Last week my husband and I went to the opera to see Carmen. We saw the opera at the beautiful Academy of Music in Philadelphia. Before the performance, an opera expert gave the background of the story and the characters.
Carmen was written by Georges Bizet, and premiered in Paris in 1875. Here’s the basic story, as described by Wikipedia:
The story is set in Seville, Spain, around 1820, and concerns the eponymous Carmen, a beautiful gypsy with a fiery temper. Free with her love, she woos the corporal Don José, an inexperienced soldier. Their relationship leads to his rejection of his former love, mutiny against his superior, and joining a gang of smugglers. His jealousy when she turns from him to the bullfighter Escamillo leads him to murder Carmen.
In his presentation, the opera expert explained that Carmen was a complex character, apparently based on one of Bizet’s lovers. She was seductive, headstrong, flirtatious, demanding, temperamental, argumentative, quickly became bored of her lovers and wasn’t terribly concerned about predictions that she would die.
“Gee,” I said to my husband. “She sounds like a sociopath.”
After watching the entire opera, it sure seems to me that this character is, in fact, a sociopath. Here’s the famous aria from the first act, called The Habanera. To set the scene, Carmen flirts with all the men in the village, and they all want to be her lover. She has everyone captivated, everyone except the soldier Don José. He, then, becomes a challenge.
As the story progresses, Carmen gets in trouble and is sentenced to prison. Don José is supposed to guard her, but she seduces him. Don José forsakes his sweet village girlfriend, falls in love with Carmen and lets her escape, ending up in trouble himself. Then he throws his entire military career away and joins Carmen’s band of gypsies. Carmen, however, gets bored of Don José; she falls in love with a bullfighter and flaunts it. Don José tries everything to get Carmen to return, from pleading to threats. Carmen knows the former soldier is on edge, but throwing caution to the wind, she taunts him with her love of the bullfighter. Don José flies into a rage and kills her.
The story was right out of the sociopath playbook: Over the top love bombing, followed by devalue and discard. Don José tries desperately to recapture the original euphoria, but failing, he becomes somewhat sociopathic himself—like some abused partners do—and lashes out.
A few months ago, I saw another classic drama with a sociopathic theme—Shakespeare’s Othello. This is a tragedy of love, deception and death, written in 1603. Othello is a Moorish general in the Venetian army, married to Desdemona. Iago, Othello’s trusted ensign, is angry because the general has promoted a younger lieutenant above him, and he hatches a plot to play people off each other so he can get what he wants. Here’s an explanation from Wikipedia:
Although eponymously titled, suggesting that the tragedy belongs primarily to Othello, Iago plays an important role in the plot he reflects the archetypal villain, and has the biggest share of the dialogue. In Othello, it is Iago who manipulates all other characters at will, controlling their movements and trapping them in an intricate net of lies. He achieves this by getting close to all characters and playing on their weaknesses while they refer to him as “honest” Iago, thus furthering his control over the characters.
The Shakespearean dialog is admittedly a bit difficult for our modern ears to understand, but with good acting we can see what is going on. Iago actually talks directly to the audience and reveals his intentions. You can see it here:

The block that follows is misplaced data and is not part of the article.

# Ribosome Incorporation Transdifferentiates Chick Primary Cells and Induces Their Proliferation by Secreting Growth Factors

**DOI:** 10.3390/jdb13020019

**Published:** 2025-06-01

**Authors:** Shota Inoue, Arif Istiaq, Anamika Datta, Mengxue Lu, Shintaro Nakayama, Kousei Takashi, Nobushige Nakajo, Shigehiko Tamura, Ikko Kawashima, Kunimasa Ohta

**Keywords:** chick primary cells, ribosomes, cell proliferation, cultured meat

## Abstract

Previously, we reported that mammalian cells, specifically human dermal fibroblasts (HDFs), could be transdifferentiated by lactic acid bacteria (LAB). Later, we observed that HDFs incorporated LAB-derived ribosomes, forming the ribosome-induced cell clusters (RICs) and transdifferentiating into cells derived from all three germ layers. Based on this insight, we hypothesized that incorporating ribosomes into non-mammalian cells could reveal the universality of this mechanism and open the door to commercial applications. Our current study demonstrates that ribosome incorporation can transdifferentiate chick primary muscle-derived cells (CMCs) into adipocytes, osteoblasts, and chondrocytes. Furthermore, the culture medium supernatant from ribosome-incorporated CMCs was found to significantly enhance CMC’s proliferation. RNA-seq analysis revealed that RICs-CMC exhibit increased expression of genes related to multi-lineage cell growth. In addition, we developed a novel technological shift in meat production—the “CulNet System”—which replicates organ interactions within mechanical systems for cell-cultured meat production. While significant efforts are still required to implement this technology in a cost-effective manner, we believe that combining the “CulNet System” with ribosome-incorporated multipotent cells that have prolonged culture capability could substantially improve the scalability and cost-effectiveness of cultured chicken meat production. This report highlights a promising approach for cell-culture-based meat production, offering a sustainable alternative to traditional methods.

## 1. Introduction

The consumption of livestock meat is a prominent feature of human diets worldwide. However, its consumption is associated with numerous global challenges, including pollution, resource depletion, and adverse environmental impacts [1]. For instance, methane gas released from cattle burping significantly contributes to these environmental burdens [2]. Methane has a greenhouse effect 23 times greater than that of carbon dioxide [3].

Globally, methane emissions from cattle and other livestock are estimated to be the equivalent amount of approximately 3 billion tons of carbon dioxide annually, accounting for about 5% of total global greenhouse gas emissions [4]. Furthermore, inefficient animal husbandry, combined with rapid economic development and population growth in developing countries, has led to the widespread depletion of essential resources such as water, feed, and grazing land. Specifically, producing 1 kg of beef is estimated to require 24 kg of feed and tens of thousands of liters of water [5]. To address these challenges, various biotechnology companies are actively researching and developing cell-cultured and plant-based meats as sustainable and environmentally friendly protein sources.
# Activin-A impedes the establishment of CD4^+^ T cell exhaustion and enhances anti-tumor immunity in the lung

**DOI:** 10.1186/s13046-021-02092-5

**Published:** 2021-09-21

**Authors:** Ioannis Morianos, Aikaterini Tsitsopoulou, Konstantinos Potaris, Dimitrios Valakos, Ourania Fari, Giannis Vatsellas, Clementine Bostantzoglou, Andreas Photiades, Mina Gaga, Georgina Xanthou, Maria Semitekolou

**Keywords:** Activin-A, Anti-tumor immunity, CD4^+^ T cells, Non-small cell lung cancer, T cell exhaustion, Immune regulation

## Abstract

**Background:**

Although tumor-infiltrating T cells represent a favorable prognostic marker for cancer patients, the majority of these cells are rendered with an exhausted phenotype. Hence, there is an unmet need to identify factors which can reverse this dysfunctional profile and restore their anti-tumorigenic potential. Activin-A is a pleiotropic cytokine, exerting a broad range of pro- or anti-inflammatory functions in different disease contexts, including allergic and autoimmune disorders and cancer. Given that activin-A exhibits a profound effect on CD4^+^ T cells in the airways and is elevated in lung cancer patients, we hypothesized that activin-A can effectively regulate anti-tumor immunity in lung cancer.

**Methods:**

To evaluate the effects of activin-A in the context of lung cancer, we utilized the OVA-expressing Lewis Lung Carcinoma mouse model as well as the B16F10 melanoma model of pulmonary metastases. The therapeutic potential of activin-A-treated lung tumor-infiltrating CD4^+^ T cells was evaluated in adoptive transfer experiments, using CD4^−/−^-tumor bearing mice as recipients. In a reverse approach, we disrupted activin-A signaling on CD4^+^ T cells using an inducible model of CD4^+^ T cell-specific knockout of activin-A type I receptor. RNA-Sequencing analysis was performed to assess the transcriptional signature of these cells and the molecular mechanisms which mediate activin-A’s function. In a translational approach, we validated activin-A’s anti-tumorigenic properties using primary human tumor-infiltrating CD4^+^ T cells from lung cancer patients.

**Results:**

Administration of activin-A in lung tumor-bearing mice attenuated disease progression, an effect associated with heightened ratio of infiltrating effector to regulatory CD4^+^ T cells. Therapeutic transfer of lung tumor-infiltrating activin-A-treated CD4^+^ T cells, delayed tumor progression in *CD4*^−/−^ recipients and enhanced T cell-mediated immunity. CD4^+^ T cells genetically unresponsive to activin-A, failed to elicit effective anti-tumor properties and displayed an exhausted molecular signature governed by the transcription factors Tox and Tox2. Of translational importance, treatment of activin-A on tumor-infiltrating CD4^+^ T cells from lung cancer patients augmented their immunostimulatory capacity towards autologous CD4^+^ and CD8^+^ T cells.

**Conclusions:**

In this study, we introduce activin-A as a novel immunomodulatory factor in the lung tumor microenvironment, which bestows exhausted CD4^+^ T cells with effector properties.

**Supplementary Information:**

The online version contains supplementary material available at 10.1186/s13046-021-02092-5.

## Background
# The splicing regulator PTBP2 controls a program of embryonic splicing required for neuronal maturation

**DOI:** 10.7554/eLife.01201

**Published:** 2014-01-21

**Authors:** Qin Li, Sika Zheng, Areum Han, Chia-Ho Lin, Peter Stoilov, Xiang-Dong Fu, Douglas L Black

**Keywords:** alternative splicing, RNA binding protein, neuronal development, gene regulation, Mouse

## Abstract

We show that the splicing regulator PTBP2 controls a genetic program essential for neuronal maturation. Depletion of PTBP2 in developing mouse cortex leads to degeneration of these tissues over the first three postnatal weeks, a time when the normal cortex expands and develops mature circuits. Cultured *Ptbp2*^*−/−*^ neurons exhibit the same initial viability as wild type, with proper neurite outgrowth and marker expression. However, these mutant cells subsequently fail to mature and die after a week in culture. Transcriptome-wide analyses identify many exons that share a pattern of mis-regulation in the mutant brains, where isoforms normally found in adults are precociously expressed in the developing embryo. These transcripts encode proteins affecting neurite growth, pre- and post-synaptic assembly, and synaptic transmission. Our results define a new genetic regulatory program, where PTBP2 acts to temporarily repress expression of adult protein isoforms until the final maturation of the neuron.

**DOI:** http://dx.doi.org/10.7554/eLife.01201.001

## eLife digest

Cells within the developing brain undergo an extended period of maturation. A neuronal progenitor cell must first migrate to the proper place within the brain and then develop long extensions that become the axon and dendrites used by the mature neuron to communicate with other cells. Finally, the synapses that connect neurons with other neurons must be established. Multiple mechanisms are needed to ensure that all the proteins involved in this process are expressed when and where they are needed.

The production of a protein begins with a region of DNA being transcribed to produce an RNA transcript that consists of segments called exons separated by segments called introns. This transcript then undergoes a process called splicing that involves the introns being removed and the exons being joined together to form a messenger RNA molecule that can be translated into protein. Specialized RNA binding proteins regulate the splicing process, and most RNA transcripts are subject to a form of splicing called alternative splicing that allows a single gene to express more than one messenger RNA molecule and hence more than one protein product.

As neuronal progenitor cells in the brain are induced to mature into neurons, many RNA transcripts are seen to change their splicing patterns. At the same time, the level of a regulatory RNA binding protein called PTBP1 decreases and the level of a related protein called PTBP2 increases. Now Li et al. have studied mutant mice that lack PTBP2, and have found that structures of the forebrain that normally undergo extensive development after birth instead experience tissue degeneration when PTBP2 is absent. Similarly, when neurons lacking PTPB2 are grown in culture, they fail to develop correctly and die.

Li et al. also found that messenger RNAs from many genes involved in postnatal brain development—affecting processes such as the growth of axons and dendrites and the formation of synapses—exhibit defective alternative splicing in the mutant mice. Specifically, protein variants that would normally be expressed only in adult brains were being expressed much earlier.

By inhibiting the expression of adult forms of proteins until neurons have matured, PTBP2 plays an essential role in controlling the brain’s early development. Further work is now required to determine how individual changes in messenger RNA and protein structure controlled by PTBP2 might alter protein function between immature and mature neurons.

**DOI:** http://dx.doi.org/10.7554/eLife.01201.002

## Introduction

As a result of Iago’s plot, many of the characters in Othello end up dead.
Another opera that I saw (my husband likes opera) was Don Giovanni. This opera was written by Mozart and premiered in 1787. However, it is based on the legend of Don Juan. Yes, that Don Juan—the guy who went around seducing women for the fun of it.
The original legend dates back a play published in Spain around 1630. Here’s how Don Juan is explained in Wikipedia:
Don Juan is a rogue and a libertine who takes great pleasure in seducing women (mainly virgins) and enjoys fighting their men. Later, in a graveyard, Don Juan encounters a statue of Don Gonzalo, the dead father of a girl he has seduced, Doña Ana de Ulloa, and impiously invites the father to dine with him; the statue gladly accepts.
In the first act of Mozart’s version, Don Giovanni first tries to seduce a woman, Donna Anna. Her father shows up and Don Giovanni kills him, then escapes with his servant, Leporello. They come across another woman, Donna Elvira, who is upset because her lover has abandoned her and she wants revenge. And who was the cad? Don Giovanni. He makes a quick exit, and tells Leporello to tell Donna Elvira the truth about his character.
Leporello does, in a famous aria called Madamina, il catalogo e questo. He tells Donna Elvira about all the women Don Giovanni has loved—640 in Italy, 231 in Germany, 100 in France, 91 in Turkey, but in Spain, 1,003. Watch how Donna Elvira reacts to the news—it will seem familiar to many of us who were involved with cheating sociopaths.
Moral of the story
So why am I writing about opera and Shakespeare? To point out that sociopaths have been with us forever. I’m sure the playwrights, librettists and composers who created these characters were drawing from people they knew in real life. Watching these characters, we can all see reflections of what we experienced. The characters may have seemed unbelievable and outlandish to many audiences, but we know that the behaviors are real.
The only problem I saw with these particular stories was that in each one of them, justice was served. Carmen was killed, Iago was arrested and Don Giovanni was turned into stone. In the real world, as we know, that doesn’t always happen.